My A Form (6th Grade) teacher Mr. Davenport used the phrase “intuitively obvious to the most casual observer” a lot, and not in a kind way.
He also used the expression “literal-minded Igorot,” also not in a kind way. Igorot is the collective name of several highland ethnic groups in the mountains of Luzon region of the Philippines. I have no idea why an Igorot would be literal-minded.
I do know, however, that the choice for song-to-go-with-post is intuitively obvious. See above.
Rainbows and unicorns! We don’t have many unicorns – as in, I have yet to see a unicorn depicted in a public space in Berkeley – but we’ve got rainbows.
Wavy Gravy’s Camp Winnarainbow, which is based but not sited here, is probably our most famous rainbow.
Runner-up for Best Berkeley Rainbow-Used-In-Name, is on San Pablo just south of University:
Another rainbow business is the lovely little fairytale building on MLK:
In 1985 we had Rainbow Village. Paul Fusco, whose photos of the Robert Kennedy funeral train are seared in my memory, made these photos:
It was an encampment of cars, vans, and buses near the Marina where people who were otherwise homeless lived. Cheerful name or not, Rainbow Village was a rough place when the City shut it down in 1986. Fusco captured the rough side, didn’t he?
What, you ask, is our biggest rainbow?
That would be Amoeba Records, Telegraph at Haste. While on Telegraph, or just around the corner from Telegraph:
This is from the short-lived Earth Bizarre.
Continuing with institutions, here is a church rainbow:
A garage rainbow:
We paint rainbows on our homes. In this first one, a Stefen mural, we even get the pot of gold at the end of the faded rainbow.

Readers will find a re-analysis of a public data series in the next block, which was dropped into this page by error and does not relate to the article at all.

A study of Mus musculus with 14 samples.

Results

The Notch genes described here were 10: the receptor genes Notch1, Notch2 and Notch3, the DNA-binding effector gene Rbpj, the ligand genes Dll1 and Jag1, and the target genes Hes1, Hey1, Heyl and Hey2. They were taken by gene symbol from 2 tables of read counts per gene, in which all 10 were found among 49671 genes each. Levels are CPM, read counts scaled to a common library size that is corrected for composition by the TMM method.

There is a second pot of gold.
No rainbow, but the pot of gold at the end of the rainbow at Olivia Hunter’s pink and purple trimmed house on Bancroft.
Driving up and down Cedar you have seen this house:
As long as I remember, 1717 Cedar has given us rainbows – although I had not noticed the chimney until recently. With the magic of Google Maps, I can see that it was added sometime between 2008 and 2011. So much for my powers of observation.
It is intuitive obvious that schools and playgrounds would like rainbows. The new mural at the Oxford School features a rainbow visible from the Short Cut path between Oxford and Walnut:
At Thousands Oak, there is a mention of rainbow although not an actual rainbow image:
For another rainbow image, there is the mural at Totland.
As does the Mural at the Martin Luther King Jr. Service Center.
And a mural on the restrooms at People’s Park:
Lastly, we have our rainbows on accessories – mail boxes, planters, fences, chairs, bike stands. And so on.
The one rainbow accessory that I am taking a pass on is the rainbow flag; that will be a separate post. Except:
I couldn’t resist this – the flag flying in front of City Hall on the day that same-sex marriage became the law of the land. It is said that the first gay pride flag flew in the San Francisco’s Gay Freedom Day Parade on June 25, 1978.
And I will make a second exception and note the rainbow flag in the mural at the recently departed InkWorks.
One last gasp/grasp, delving into history:
The Dirty Rainbow – an art store in the 1960s.
I took the rainbow photos to my friend.
He had this photo on his work table and was researching anteaters as pets. He had, he said, come to the conclusion that they smell pretty bad and thus are not optimal pets, Salvador Dali or no Salvador Dali. He wondered what Dali was on when he wrote that the giant anteater “reaches sizes bigger than the horse, possesses enormous ferocity, has exceptional muscle power, is a terrifying animal.”
I put some water on for tea as he browsed the photos. His impression?